NBA rumors: Rivals 'grumbling' about Warriors' spending advantage


The Warriors are back in the NBA Finals, which means it’s about that time when talk throughout the league resurfaces about how exactly Golden State has done it again.

From the 73-9 behemoth to the “villains” with Kevin Durant, the Warriors have long driven ire across the NBA – fans, players and executives alike – for tilting the landscape of the league.

That appears to have happened again after the Warriors have made their sixth Finals appearance in the past eight years, with rivals “already grumbling about Golden State's competitive spending advantage,” ESPN’s Zach Lowe reported Tuesday, citing sources. Lowe notes the Warriors are paying a league-record $346 million in salary this season, due to max contracts for Steph Curry, Klay Thompson, Draymond Green and Andrew Wiggins.

Meanwhile, it could get even higher in the future. Jordan Poole is eligible for a big extension this summer, and Wiggins only has one year left on his deal. If the Warriors want to keep the band together for the next few years -- which could include potential new contracts for Gary Payton II and Kevon Looney -- Lowe writes that ESPN’s Bobby Marks predicted that their payroll could hit an astronomical $475 million, including luxury tax penalties.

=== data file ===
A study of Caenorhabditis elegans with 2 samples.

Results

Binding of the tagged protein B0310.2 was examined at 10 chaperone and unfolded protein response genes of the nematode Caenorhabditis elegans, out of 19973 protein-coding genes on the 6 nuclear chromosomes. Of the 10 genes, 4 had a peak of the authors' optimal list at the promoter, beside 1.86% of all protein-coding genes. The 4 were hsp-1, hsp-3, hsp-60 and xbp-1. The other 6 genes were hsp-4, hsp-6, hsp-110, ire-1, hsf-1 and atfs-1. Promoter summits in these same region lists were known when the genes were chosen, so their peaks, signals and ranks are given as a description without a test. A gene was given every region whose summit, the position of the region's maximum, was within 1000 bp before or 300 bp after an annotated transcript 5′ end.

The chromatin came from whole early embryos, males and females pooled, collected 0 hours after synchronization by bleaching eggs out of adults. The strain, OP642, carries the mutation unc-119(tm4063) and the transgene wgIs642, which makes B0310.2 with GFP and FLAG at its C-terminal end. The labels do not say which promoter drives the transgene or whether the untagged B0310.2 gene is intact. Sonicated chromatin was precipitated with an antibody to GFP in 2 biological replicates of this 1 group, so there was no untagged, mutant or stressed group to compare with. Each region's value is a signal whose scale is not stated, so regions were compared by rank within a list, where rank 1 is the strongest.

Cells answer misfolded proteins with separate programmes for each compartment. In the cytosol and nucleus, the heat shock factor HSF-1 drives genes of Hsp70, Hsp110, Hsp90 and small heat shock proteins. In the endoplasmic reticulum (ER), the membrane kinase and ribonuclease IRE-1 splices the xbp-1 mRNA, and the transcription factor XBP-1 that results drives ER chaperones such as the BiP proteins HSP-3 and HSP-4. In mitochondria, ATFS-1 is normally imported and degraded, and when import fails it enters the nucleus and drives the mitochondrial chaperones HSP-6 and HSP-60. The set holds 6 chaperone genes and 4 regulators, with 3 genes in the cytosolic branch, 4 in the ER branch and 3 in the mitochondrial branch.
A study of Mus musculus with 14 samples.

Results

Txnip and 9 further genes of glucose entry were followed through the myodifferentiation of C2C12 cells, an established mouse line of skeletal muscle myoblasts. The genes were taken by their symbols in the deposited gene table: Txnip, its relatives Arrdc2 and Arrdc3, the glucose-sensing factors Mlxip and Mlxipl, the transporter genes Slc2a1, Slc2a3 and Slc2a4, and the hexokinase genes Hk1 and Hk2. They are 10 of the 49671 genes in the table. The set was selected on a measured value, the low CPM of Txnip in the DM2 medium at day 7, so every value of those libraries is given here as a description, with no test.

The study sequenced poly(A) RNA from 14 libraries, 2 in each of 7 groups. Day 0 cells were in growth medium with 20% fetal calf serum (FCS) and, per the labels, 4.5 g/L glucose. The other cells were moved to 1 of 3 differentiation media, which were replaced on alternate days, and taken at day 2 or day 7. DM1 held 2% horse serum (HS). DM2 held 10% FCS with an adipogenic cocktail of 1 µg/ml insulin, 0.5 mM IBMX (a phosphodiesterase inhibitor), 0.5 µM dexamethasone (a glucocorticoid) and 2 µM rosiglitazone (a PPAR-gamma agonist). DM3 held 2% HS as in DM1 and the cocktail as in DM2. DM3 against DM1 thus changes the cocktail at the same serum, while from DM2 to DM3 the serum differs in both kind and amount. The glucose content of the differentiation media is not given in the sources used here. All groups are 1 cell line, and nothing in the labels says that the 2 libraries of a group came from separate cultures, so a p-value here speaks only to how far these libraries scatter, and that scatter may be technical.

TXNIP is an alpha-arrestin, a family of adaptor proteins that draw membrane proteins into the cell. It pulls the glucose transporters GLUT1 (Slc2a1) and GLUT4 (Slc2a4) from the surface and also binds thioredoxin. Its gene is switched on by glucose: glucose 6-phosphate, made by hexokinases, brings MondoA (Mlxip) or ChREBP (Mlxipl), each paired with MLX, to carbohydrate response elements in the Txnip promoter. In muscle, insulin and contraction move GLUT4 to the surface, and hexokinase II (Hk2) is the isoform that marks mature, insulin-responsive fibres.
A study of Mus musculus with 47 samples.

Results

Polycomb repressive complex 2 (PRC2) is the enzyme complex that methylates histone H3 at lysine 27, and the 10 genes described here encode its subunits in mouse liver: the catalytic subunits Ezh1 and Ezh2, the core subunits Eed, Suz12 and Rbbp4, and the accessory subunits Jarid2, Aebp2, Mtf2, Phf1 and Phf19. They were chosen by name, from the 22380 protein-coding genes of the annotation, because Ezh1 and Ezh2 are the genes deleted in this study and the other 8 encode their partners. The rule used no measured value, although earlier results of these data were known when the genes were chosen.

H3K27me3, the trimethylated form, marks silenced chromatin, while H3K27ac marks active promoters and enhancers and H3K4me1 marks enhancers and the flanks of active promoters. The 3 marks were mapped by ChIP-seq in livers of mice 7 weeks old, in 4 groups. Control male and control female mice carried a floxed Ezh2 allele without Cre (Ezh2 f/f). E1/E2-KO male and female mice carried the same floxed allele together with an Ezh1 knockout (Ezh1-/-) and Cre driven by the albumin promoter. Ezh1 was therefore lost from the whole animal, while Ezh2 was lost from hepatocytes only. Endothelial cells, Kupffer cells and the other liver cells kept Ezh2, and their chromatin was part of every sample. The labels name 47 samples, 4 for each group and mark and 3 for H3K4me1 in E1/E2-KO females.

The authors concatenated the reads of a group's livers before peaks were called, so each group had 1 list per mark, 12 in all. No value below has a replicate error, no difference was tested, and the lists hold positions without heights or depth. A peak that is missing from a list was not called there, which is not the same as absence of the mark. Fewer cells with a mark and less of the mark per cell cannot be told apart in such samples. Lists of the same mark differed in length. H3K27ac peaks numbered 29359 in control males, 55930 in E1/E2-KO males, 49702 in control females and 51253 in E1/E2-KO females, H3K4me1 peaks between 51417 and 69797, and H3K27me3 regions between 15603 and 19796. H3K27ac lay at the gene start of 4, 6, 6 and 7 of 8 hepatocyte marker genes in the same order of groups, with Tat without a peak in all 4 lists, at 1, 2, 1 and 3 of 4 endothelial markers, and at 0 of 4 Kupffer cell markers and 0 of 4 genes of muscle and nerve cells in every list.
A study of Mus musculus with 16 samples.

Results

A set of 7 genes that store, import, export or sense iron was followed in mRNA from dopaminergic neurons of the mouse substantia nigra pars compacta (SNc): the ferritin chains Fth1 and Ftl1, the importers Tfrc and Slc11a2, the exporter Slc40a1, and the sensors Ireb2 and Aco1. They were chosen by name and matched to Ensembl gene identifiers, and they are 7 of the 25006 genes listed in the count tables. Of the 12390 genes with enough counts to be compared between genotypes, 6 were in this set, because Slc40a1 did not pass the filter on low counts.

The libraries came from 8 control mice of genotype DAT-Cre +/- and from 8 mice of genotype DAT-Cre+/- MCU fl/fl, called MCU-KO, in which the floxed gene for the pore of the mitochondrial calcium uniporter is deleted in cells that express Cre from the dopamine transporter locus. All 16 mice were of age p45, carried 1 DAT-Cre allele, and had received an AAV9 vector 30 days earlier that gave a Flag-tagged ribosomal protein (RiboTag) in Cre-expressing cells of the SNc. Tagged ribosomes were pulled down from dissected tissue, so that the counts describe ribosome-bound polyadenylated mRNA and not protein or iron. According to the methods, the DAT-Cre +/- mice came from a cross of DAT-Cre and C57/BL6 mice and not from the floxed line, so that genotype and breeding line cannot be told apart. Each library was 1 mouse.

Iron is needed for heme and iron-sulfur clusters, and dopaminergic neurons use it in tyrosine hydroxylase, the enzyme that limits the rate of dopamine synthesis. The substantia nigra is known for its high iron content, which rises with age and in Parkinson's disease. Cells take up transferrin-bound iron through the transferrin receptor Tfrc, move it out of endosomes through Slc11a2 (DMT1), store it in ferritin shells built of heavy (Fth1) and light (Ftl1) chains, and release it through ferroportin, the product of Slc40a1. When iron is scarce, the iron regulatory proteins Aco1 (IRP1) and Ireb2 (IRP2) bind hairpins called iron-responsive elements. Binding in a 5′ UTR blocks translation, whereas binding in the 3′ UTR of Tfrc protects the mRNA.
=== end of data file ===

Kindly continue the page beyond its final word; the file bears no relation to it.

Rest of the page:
While owner Joe Lacob has long said the Warriors’ spending isn’t limitless -- keep in mind the team drafted two young rookies instead of trading the picks for veteran help -- it’s clear that the value of winning and extending the Dubs’ window for years to come is of the utmost importance.

"I know we -- I, [general manager Bob Myers], the organization -- took some criticism from some people that we should trade all the draft pieces that we have to get one more great player or whatever," Lacob said last week. "I was very adamant about it, and so was Bob. That was not the path that we were going down.

"We want to be good for a long time, we want to be great for a long time."

RELATED: Why Warriors' monumental trade for Wiggins nearly didn't happen

The Warriors are fortunate that they have an ownership group that is willing to spend well into the luxury tax to put this team on the floor, while many other ownership groups for opposing teams do not. That certainly puts Golden State at an advantage, but one that they should have no need to apologize for.

In the mean time, the Warriors plan to keep spending in order to always put a winning product on the floor, and will happily deal with any “grumblings” from rivals as long as the deep playoff runs keep coming.